German singer and film actor Ted Herold (1942) was billed as 'The German Elvis' in the late 1950’s and early 1960’s. With his Rock ‘n Roll covers he appeared in several Schlagerfilms between 1959 and 1963. In 1977 he made a surprise come-back.
German postcard by WS-Druck, Wanne-Eickel, no. F 156.
Rock'n Roll Sensation
Ted Herold was born as Harald Walter Bernhard Schubring in Berlin-Schöneberg in 1942. He was the son of a plasterer. In 1951 his family moved to Bad Homburg. As a boy he already had a passion for music, especially for American Rock 'n Roll songs by Bill Haley, Buddy Holly and most of all Elvis Presley. At the age of 14 he had gotten his first guitar as a Christmas present, and at school he started to play these songs. In 1958 a girl friend from school mediated a contract for him with the record company Polydor. That same year followed his first single with two cover versions of Elvis hits, Ich brauch' keinen Ring (Want you wear my ring around your neck) and Lover Doll. His producer Bert Kaempfert came up with the pseudonym Ted Herold. After his first success he moved on to top producer Gerhard Mendelson, who already managed the career of teen idol Peter Kraus. While Kraus got more success with milder songs, Herold was build up as the new ‘German Elvis’. Till 1960 Herold sang mainly German covers of Presley hits. With a line from his song Ich bin ein Mann (I am a Man) the then 17 year-old singer caused a sensation in prudish postwar-Germany. The German radio refused to play the song.
German postcard by Krüger, no. 902/85. Photo: Polydor/Tele/Constantin/Filipp. Publicity photo for Schlagerparade 1960.
Elvis Presley. German postcard by Kunst und Bild (KB), Berlin-Charlottenburg, no. 1 296. Photo: MGM. Publicity photo for Jailhouse Rock (1957, Richard Thorpe).
Rebel Rocker in Schlagerfilms
Ted Herold broadened his song repertoire in 1960 with more mellow titles, just like his role model Elvis had done before him. Among his hits were covers like Ich bin ein Wanderer (The Wanderer) and Da Doo Ron Ron. The ballad Moonlight became with 500,000 sold singles his biggest hit and climbed to #1 in the hitparade. Herold, who still had the image of a rebel rocker, did not get any engagements from the conservative German television till the mid-1960’s. But between 1959 and 1963 he was often seen in Schlagerfilms. He made his film debut in the musical comedy La Paloma (1959, Paul Martin) with Bibi Johns and Karlheinz Böhm. He sang the song Texas Baby. That same year followed Immer die Mädchen/Always the Girls (1959, Fritz Remond) in which he sang Hula-Rock, and Mein Schatz, komm mit ans blaue Meer/My Darling, Come to the Blue Sea (1959, Rudolf Schündler) with fellow rocker Gus Backus, in which Ted sang Küss mich (Kiss Me). The success of Schlagerparade (1960, Franz Marischka) with Herold, Vivi Bach, Rex Gildo, and many other Schlager stars led to sequels as Schlagerparade 1961 (1961, Franz Marischka) and Schlagerrevue 1962 (1961, Thomas Engel). Other films of the same genre include Davon träumen alle Mädchen/That’s What All the Girls Dream About (1961, Thomas Engel) with Marion Michael, Drei Liebesbriefe aus Tirol/Three Love Letters from Tyrol (1962, Werner Jacobs) with Ann Smyrner, and Sing, aber spiel nicht mit mir/Sing, But Don’t Play With Me (1963, Kurt Nachmann). In 1963 military service interrupted his career. His following singles had less success than before, also because of the upcoming beat wave. He started a study to become a radio and TV technician and married in 1965 Karin Höhler. In 1966 he recorded his last single with Polydor, and then retired to run a radio and television repair service.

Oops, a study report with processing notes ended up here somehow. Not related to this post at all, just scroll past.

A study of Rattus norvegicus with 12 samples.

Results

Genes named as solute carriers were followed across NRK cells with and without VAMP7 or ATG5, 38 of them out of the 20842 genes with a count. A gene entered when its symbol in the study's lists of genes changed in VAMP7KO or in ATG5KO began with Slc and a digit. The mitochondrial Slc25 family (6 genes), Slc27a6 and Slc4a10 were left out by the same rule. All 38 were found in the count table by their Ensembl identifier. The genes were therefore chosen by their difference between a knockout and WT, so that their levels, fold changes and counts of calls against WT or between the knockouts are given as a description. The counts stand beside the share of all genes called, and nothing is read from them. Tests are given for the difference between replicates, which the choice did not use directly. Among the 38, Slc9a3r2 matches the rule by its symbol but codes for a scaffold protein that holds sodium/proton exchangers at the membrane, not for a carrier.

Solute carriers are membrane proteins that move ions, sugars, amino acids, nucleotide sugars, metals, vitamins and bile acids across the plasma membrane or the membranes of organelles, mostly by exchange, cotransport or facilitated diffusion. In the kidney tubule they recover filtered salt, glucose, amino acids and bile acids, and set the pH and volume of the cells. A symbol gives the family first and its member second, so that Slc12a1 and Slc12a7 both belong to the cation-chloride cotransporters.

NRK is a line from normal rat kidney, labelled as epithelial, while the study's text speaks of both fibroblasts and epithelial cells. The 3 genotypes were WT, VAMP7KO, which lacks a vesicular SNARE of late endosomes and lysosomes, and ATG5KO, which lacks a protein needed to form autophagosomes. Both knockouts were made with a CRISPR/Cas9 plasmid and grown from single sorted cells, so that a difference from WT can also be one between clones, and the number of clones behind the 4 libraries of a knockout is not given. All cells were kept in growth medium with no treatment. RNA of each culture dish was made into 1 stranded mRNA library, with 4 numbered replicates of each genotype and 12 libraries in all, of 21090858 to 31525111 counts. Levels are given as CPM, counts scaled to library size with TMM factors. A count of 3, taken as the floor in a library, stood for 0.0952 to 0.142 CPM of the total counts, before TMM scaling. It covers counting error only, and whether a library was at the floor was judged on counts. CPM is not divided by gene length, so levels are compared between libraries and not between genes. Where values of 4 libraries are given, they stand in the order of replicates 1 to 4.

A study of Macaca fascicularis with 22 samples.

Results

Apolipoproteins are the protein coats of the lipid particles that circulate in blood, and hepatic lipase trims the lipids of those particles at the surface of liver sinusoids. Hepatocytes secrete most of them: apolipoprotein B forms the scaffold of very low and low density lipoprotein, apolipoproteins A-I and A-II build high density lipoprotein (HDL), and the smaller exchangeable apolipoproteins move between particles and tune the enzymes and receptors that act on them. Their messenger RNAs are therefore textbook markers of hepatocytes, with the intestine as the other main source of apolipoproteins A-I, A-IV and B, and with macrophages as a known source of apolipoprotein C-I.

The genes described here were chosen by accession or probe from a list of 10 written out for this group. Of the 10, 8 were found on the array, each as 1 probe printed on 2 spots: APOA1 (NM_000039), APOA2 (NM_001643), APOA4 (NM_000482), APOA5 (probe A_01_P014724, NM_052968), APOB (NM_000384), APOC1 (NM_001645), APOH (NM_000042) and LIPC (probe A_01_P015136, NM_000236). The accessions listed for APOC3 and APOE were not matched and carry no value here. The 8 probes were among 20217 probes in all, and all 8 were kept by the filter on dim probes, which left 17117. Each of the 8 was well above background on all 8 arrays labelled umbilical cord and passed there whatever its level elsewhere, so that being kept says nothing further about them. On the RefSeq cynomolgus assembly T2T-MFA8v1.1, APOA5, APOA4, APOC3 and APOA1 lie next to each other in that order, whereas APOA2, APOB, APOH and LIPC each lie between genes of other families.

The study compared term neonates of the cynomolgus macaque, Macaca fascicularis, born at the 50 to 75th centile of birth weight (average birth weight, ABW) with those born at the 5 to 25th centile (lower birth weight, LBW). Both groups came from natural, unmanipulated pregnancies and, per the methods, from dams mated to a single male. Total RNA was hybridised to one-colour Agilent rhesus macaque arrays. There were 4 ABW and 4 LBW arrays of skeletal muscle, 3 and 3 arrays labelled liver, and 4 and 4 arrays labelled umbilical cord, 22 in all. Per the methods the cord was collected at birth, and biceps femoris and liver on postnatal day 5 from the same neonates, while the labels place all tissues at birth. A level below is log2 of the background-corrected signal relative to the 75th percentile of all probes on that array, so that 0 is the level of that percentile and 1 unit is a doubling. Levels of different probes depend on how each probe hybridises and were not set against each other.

German postcard by Universum-Film Aktiengesellschaft (Ufa), Berlin-Tempelhof, no. CK 429, the price was 30 Pfg. Photo: Erwin Schneider/Ufa.
German postcard by Ted Herold-Büro.
In 1977 Ted Herold got a surprising offer from the German rock singer Udo Lindenberg to cooperate on a title of his LP Panische Nächte (Panic nights), and to join him on a tour through Germany. Ted got a record deal with Teldec and started to produce new titles, including Rockabilly-Willi, Bill Haley, Die Besten sterben jung (The Best Die Young) and Rock 'n Roll For President. He sang them with his old classics during many gigs at the height of the Rock 'n Roll-Revival of the 1980's and 1990's. He was the guest of several TV shows, and appeared as a rock singer in the German-American coproduction Judgment in Berlin (1988, Leo Penn) starring Martin Sheen. Ted married in 2002 his longtime companion Manuela. In 2005 he had a new hit with 1958 - wir waren dabei (1958 – we were there). He made guest appearances in the TV series Die Kommissarin/Lady Cop (2000) and Lindenstraße (2007). In 2008 his 26th and most recent album was presented, Jukebox Jeans Rock 'n Roll. Fifty years earlier, when Elvis Presley was posted in Germany by the U.S. Army, the German Elvis had met the American original once in the streets of Bad Homburg. Ted Herold later remembered that he had talked to his idol for a while and then had given him some of his own records.
Ted Herold sings Tausend Illusionen/Thousand Illusions in 1961. Source: Fritz51203 (YouTube).
Ted Herold sings Corina, Corina on German TV. Source: TownCats (YouTube).
Sources: Wikipedia (German), Dieter Moll (IMDb), Ted Herold-Die Legende des Rock’n Roll and IMDb.